2021-03-26, 19:05, Friday

I promised a few paragraphs about x-ray diffraction, so here it goes. This is mostly unedited because I’m tired and lazy.

Basically, light has a property to undergo what’s called diffraction: shine a laser beam on a grated piece of plastic and beam will split into an uneven number of new beams. Using this pattern and some trigonometry you can calculate the wavelength of light if you know how fine the grating is and the angle between beams. This works only when wavelength is a few times smaller than the grating size.

Now, the important bit is that atoms in crystal sort of work like grating. Light reflects from different layers of atoms differently and this forms the same diffraction pattern. Since the distance between atomic layers determines the structure of the crystal, we can now measure it using light and some math called Bragg’s law. The only thing we need is a light source with fixed, well-known and very small wavelength. Now, the “grating” in our case is approximately 2-4*10^-10 m, or 2-5 angstrem.

Conveniently, metallic anode, when put in a vacuum and under high voltage, emits high energy photones, generally of a fixed wavelength, corresponding to the valent electron’s excited state. And if we use copper, this wavelength is roughly 1.51 angstrem, which is about what we need.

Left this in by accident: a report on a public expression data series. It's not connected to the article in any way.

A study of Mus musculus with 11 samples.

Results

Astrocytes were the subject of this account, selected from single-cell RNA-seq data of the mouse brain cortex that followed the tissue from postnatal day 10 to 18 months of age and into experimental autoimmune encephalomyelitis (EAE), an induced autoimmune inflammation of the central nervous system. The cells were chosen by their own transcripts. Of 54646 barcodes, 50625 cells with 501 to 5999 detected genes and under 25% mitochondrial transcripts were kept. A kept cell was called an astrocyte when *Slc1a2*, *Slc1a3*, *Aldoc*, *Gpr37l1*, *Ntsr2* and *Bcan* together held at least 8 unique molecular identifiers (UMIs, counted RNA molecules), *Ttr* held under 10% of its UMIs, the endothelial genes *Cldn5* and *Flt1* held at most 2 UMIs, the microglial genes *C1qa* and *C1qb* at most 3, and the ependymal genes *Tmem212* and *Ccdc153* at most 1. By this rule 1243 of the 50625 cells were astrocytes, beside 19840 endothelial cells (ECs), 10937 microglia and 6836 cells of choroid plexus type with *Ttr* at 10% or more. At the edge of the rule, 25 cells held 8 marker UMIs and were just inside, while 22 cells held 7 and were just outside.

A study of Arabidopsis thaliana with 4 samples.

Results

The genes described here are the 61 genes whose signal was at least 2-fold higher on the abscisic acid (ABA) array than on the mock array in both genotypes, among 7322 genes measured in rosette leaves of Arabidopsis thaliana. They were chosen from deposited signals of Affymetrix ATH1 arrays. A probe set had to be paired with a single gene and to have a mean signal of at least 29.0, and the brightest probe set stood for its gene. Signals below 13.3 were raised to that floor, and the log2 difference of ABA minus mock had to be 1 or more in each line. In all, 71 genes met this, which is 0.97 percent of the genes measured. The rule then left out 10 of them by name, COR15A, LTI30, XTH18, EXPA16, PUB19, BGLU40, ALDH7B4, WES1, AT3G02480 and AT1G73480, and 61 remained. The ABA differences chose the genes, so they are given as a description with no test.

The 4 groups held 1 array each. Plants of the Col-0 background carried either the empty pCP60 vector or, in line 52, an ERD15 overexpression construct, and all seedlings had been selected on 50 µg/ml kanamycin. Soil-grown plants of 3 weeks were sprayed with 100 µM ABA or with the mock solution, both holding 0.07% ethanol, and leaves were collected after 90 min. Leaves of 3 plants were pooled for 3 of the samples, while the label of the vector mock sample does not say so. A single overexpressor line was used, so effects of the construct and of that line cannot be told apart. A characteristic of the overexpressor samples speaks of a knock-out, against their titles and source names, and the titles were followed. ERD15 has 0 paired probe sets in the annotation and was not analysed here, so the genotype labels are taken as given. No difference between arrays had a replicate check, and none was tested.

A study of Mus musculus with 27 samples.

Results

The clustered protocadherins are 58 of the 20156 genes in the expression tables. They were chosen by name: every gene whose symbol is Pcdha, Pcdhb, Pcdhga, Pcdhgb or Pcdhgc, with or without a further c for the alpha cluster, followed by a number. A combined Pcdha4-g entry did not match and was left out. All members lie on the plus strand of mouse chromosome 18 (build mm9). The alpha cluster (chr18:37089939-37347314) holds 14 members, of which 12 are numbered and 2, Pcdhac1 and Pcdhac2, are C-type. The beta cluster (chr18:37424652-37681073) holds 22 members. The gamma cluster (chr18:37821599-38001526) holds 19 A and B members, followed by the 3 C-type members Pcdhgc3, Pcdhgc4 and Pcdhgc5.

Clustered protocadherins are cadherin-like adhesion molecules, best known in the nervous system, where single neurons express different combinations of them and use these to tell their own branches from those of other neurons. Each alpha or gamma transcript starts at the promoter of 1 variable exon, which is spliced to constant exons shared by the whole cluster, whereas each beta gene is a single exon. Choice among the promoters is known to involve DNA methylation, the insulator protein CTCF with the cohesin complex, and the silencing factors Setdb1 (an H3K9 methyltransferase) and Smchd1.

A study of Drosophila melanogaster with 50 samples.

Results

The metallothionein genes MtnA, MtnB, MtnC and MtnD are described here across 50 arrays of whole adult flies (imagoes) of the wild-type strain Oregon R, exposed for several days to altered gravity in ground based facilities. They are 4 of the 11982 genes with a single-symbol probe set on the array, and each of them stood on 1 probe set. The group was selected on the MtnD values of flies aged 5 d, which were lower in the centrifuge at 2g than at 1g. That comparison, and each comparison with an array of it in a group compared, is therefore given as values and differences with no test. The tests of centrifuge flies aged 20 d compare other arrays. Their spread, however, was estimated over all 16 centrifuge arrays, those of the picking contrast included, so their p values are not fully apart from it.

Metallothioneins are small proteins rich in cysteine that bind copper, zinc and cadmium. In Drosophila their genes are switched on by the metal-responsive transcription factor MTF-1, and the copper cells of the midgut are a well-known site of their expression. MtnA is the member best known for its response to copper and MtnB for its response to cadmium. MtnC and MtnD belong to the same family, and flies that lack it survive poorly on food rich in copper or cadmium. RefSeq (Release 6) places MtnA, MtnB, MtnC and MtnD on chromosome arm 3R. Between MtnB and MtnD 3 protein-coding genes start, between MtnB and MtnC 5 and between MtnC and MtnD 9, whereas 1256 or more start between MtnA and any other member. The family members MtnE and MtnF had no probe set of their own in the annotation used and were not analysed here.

Now that all elements are in place, we just need to build a complex machinery that will hold our sample, put a piece of copper under a few kilovolts, cool it down simultaneously, while also rotating a detector to capture light intensities under a range of angles. Different lattices will give different diffraction patterns, and one can be calculated from another.

And this is more or less how x-ray diffraction works.

QOTO: Question Others to Teach Ourselves. A STEM-oriented instance.

An inclusive free speech instance.
All cultures and opinions welcome.
Explicit hate speech and harassment strictly forbidden.
We federate with all servers: we don't block any servers.